If you missed my last What I’m Learning in the Bible post I am sharing what I am learning as our church studies through the book of Acts together over the next few months. This week I read through the second half of Acts chapter 2 and Acts chapter 3.
As a reminder, I am using this ESV Acts Study journal. Basically it has scripture on one page and then a blank lined page next to it for taking notes.
So the Holy Spirit had just come and the believers gathered had told the mighty works of God to all the people who came after hearing the loud sound like wind. Some of them had genuinely asked that it meant while others mocked. So Peter gives an answer to them in the form of a sermon.
He refers them back to Joel’s prophecy about the pouring out of the Holy Spirit (v. 17-18). I love how the prophecy shows that the Holy Spirit is for “all flesh”, for everybody. Salvation and the gift of the Holy Spirit is for everyone and God makes that clear here by mentioning male and female, young and old, servants, for everyone.
Peter then shows how Jesus showed the signs and wonders that He is the Christ. He tells them pointedly that they crucified and killed Him and God raised Him up (v. 24, 32). Peter explains that they were all witnesses of the resurrection (v. 32) and that now that Jesus is resurrected that He is at the right hand of God and the Holy Spirit has been poured out as they can hear and see (v. 33). Peter wants there to be absolutely no doubt that Jesus is both Lord and Christ (v.36).
I love that we get to see their response. Sometimes in Scripture we don’t know how someone responds to a teaching from Jesus or the apostles but here we get to see a very detailed response. They were cut to the heart (v. 37). That’s such an expressive phrase. I feel that when I read that.
And Peter’s instructions to them are for all of us for what we need to do when presented with the Gospel. Repent and be baptized (v. 38). I love how he referenced Joel earlier in this passage saying that “everyone who calls upon the name of the Lord shall be saved” (v. 21). Repent isn’t a word we use all the time so it might throw some people off but it basically just means that we understand that we are sinners, we feel sorry for that sin and so we ask God to forgive us, to save us. Baptism is an outward, symbolic expression of this all taking place in our hearts. We go down in the water, symbolic of dying to our sins and then we are raised up in forgiveness into a new life where we seek to follow God.
When they are first gathered in Acts 1:15 it says that there are about 120 of them in the room at the time. After the coming of the Holy Spirit and Peter’s message in these verses there were about 3,000 souls added that day.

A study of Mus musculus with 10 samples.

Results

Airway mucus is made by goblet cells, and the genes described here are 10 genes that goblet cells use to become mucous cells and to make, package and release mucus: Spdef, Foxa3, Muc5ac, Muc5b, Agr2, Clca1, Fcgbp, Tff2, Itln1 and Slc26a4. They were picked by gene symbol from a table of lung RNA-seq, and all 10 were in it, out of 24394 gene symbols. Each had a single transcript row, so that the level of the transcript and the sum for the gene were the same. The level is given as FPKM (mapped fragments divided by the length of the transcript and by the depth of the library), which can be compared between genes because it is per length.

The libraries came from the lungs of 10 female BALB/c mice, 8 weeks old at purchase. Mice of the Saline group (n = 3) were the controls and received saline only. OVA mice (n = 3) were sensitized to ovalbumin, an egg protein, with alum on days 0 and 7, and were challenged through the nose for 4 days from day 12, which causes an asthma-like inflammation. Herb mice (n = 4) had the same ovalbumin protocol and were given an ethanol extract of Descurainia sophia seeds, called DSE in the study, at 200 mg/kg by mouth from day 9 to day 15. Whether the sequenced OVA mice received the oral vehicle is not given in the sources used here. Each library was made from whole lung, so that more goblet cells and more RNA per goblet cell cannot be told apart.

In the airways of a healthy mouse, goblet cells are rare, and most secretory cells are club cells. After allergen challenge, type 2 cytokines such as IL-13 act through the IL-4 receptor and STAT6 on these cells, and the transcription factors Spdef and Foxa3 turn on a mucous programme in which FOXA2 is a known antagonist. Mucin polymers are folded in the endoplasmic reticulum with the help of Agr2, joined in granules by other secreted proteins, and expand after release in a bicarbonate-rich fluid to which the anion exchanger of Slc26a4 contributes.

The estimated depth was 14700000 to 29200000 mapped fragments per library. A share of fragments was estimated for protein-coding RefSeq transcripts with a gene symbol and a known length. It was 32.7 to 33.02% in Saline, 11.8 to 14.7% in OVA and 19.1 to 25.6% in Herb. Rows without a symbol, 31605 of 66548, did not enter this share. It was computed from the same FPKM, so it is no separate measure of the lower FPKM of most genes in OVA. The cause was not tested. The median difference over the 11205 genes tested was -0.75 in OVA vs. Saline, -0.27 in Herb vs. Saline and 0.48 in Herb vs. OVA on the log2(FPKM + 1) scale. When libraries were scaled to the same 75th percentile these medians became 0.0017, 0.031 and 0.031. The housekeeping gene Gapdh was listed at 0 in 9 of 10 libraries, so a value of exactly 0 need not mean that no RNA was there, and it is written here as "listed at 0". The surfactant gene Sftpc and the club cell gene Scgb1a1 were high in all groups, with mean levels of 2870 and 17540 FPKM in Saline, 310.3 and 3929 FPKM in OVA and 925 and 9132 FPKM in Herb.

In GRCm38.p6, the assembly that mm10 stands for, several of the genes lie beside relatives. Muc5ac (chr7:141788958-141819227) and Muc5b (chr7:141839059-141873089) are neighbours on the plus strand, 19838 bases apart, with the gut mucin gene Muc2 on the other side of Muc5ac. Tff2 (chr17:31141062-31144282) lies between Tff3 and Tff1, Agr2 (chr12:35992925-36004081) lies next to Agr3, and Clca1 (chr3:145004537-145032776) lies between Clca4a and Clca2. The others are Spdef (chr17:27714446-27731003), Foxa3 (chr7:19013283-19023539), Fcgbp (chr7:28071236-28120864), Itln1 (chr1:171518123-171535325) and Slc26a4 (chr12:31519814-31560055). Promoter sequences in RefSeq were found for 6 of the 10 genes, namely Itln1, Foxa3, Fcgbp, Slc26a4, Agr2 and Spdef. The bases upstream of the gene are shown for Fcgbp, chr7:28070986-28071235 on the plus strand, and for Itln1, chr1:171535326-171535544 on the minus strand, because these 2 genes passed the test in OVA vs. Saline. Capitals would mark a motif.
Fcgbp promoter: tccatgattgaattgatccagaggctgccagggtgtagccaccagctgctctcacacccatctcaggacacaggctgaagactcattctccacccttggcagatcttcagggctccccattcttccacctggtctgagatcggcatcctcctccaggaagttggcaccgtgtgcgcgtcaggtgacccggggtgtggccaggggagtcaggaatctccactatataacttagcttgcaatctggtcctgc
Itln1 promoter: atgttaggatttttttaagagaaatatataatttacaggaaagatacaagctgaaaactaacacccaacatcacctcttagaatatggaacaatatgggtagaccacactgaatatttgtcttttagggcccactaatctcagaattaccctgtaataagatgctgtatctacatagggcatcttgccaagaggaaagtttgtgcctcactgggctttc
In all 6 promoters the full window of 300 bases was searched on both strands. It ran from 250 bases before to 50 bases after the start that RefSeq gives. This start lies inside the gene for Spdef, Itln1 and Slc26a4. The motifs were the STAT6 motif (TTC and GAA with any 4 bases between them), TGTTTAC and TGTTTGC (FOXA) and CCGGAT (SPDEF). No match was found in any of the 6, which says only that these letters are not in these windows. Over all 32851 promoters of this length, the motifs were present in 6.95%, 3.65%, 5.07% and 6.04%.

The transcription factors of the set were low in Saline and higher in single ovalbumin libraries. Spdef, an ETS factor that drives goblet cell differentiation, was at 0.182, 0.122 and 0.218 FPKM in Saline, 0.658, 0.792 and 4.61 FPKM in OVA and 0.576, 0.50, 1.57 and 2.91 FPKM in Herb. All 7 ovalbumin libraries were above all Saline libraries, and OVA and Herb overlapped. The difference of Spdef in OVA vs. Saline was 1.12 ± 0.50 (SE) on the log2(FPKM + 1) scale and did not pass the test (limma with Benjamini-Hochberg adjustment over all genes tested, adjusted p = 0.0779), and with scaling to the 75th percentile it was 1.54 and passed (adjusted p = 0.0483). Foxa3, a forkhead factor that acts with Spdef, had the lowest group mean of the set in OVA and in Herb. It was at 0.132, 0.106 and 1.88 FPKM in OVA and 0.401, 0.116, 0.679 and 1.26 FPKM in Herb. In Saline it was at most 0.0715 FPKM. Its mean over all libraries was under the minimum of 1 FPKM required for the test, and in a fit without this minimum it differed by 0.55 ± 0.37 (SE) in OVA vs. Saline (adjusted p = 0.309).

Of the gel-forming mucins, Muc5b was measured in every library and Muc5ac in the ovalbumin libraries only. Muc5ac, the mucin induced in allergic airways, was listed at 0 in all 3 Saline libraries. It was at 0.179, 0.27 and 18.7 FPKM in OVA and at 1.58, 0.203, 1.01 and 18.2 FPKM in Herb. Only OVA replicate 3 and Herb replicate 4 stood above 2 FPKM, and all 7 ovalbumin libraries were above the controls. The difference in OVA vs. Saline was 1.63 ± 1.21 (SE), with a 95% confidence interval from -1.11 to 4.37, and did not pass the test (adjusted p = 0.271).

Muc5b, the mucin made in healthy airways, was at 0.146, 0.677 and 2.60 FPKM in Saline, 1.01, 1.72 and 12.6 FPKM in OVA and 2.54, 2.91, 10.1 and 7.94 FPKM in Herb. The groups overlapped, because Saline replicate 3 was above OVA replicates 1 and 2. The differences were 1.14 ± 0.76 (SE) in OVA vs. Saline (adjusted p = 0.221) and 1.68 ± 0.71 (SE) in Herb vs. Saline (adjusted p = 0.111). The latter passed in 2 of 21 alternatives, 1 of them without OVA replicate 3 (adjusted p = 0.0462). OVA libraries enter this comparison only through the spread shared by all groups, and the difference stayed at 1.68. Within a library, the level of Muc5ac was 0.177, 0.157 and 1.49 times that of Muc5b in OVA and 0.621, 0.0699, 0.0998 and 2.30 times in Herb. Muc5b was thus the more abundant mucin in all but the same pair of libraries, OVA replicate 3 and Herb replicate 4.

Many of us as Christians hold this passage up as the ideal for doing life together as the church. It’s a beautiful picture of loving one another as Jesus loves us. We need each other and we need community, real community as a church to have the abundant life that Jesus came to bring us.
One thing about this man’s healing that always sticks out to me is that “immediately his feet and ankles were made strong” (v. 7). Someone who had not walked for a long time would naturally suffer from muscular atrophy so this healing is just so miraculous. This man did not struggle to get up and then limp along. He got up walking and leaping (v. 8).
In the message that Peter gives follows the healing I love what he tells them. He reminds them of who Jesus was and that they crucified him and that God raised Him from the dead. Then he tells them “And his name-faith in his name- has made this man strong whom you see and know, and the faith that is through Jesus has given the man this perfect health in the presence of you all” (v. 16). Faith in Jesus has the power to heal.
He speaks about the man being healed through faith in the name of Jesus but he concludes the message to them by speaking to Jesus healing them from sin. I love how he ends it all in verse 26. “God, having raised up his servant, sent him to you first, to bless you, by turning every one of you from your wickedness”.
As you can see my thoughts are not necessarily cohesive but rather just me studying and sharing thoughts as I read. This coming week I’ll be reading Acts 4-6:7. Please feel free to read along with me. I’ll be back to share my thoughts on next Monday (hopefully! I was more than a little late this week).
Have any thoughts to share? I would love to hear them in the comments below!